Jesus and the Tax Collector


The interaction of Jesus with a known tax collector, one of the most abhorred people in Jewish society, can teach us valuable lessons about the Lord's character and the meaning of true repentance.

Visiting Jericho

The Jericho visited by Jesus was a border town lying just west of the Jordan River. As the second wealthiest city in Palestine (next to Jerusalem), it was a major generator of Roman tax income. As such, the Empire was keen to employ a local Jewish collector like Zaccheus to insure a steady stream of revenue. Most of the money collected was in customs, as the city was situated along a major trade route running from Egypt to lands east of the Jordan River.

´╗┐Zaccheus (whose name, ironically, means "just" or "pure") the tax collector was a short (possibly less than five feet or 1.5 meters tall) but quite wealthy and well known person in Jericho. He was the city's chief gatherer of customs fees and likely employed others as well.

Then Jesus entered Jericho and was passing through. And behold, a man named Zaccheus was there. Now he was a chief tax collector, and he was rich. (Luke 19:1 - 2, HBFV throughout).

Jesus dining at house of Zacchaeus
Jesus dining at Zaccheus' House
(Part of Gospel Lectionary, 1450s A.D.)

As Jesus and most people were well aware, the great riches possessed by people who gathered taxes for Rome was achieved through extortion and theft.

Now the tax collectors also came to be baptized (by John the Baptist), and they said to him, "Master, what shall we do?" And he said to them, "Exact nothing beyond that which is appointed to you." (Luke 3:12 - 13, see also 19:7 - 8).

It is therefore not unusual, given the sinful ways by which their carried out their responsibilities, that tax collectors were some of the most despised people in the New Testament (see Luke 18:11). Jesus even used them, in his Sermon on the Mount, as an example of those who severely lacked love and concern for other people.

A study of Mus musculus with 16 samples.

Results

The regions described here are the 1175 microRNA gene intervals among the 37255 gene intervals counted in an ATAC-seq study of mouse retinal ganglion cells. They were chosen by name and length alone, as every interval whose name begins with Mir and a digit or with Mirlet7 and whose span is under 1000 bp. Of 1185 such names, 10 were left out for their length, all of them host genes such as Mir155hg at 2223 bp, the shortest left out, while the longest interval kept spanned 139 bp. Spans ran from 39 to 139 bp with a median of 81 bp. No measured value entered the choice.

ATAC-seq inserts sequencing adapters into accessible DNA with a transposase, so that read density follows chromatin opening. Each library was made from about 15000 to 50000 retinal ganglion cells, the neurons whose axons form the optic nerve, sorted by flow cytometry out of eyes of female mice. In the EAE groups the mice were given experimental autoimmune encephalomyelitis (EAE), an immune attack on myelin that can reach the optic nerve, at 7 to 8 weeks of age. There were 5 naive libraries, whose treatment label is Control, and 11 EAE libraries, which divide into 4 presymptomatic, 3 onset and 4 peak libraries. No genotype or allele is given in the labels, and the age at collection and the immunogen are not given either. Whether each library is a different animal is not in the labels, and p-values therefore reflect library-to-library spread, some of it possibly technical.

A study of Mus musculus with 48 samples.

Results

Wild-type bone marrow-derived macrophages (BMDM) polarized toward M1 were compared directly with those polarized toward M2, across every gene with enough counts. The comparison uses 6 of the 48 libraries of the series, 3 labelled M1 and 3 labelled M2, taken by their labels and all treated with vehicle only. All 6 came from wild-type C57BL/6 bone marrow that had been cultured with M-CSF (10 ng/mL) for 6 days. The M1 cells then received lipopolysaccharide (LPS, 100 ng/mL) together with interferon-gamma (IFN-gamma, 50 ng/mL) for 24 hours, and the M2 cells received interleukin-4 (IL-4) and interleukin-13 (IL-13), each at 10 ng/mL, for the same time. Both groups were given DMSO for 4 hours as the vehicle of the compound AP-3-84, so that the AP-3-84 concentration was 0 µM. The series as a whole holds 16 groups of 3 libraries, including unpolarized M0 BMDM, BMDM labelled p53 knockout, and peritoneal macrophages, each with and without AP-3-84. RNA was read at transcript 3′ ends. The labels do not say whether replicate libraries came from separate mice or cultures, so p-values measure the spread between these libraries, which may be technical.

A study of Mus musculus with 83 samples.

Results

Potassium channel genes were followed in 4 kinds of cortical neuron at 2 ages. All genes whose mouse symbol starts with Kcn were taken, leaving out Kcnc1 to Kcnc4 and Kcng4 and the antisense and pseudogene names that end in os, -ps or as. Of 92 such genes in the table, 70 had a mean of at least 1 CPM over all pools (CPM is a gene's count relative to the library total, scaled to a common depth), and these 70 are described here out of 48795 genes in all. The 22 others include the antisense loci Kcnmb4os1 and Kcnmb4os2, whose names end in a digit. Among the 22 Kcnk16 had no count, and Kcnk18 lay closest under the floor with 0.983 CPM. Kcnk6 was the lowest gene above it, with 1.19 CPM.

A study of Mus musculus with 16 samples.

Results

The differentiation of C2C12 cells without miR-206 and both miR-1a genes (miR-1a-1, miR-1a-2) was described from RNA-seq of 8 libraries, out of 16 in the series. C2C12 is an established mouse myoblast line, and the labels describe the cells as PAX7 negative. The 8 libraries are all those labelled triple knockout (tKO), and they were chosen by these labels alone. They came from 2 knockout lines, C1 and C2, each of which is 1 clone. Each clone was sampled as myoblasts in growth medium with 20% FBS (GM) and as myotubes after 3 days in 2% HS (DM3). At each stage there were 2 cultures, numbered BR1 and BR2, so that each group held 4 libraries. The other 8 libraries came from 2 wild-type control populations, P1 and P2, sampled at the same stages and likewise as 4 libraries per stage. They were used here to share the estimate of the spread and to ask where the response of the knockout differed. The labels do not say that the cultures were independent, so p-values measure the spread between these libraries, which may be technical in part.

For if you love those who love you, what reward do you have? Do not the tax collectors practice the same thing?

And if you salute your brethren only, what have you done that is extraordinary? Do not the tax collectors practice the same thing? (Matthew 5:46 - 47).

The Encounter

Zaccheus, as Jesus travels through the city, is unable to see him through the large crowd that congregates near the street. Determined to see the Lord at all costs, he runs ahead of the crowd and climbs up a sycamore tree.

As Jesus passes under the sycamore he surprises Zaccheus by not only calling him by name but also declaring he will be staying at his house! The announcement brings joy to the notorious collector of taxes but derision from the crowd.

But after running ahead, in front of the multitude, he (Zaccheus) climbed up into a sycamore tree so that he might see Him; for He was about to pass that way.

And when He came to the place, Jesus looked up and saw him, and said to him, "Zaccheus, make haste to come down, for today it is necessary for Me to stay at your house."

And he came down in haste and received Him joyfully. But after seeing this, everyone began to criticize, saying, "He has gone in to lodge with a sinful man." (Luke 19:4 - 7).

Zaccheus responds to Christ's merciful offer to spend time with him by publicly declaring he will give half of his vast wealth to the poor. He also promises to return his ill-gotten riches fourfold to those he cheated (Luke 19:8)!

Jesus then declares that salvation has come to him and that reaching out to those who are "lost" is one of the primary goals of his ministry.

And Jesus said to him, "Today, salvation has come to this house . . . For the Son of man has come to seek and to save that which is lost" (Luke 19:9 - 10).

What Did We Learn?

The encounter Jesus had with Zaccheus the tax collector shows his willingness to interact with even the most despised and hated members of society despite what others think (Matthew 9:10 - 11, 11:19, Luke 5:29 - 30). His compassion and mercy towards sinners is something all Christians need to emulate.

Diligence and perseverance matter to God! Zaccheus was determined to see Jesus and his efforts were rewarded beyond what he expected. Our willingness to pursue, steadfastly, what is right can make all the difference in the world (see Luke 18:1 - 8).

While it is difficult for a rich man to enter God's Kingdom, it is not impossible. The mercy Jesus extended toward Jericho's chief tax collector (and thief) shows that even the most hated person could change and turn their lives around.

Repentance, if it is genuine, must be followed by tangible acts that show a willingness to change one's life and obey God.

Unlike the rich young man who was unwilling to part with his wealth (Matthew 19:16 - 26), Zaccheus the tax collector "put his money where his mouth was" and pledged to use his riches for righteous goals.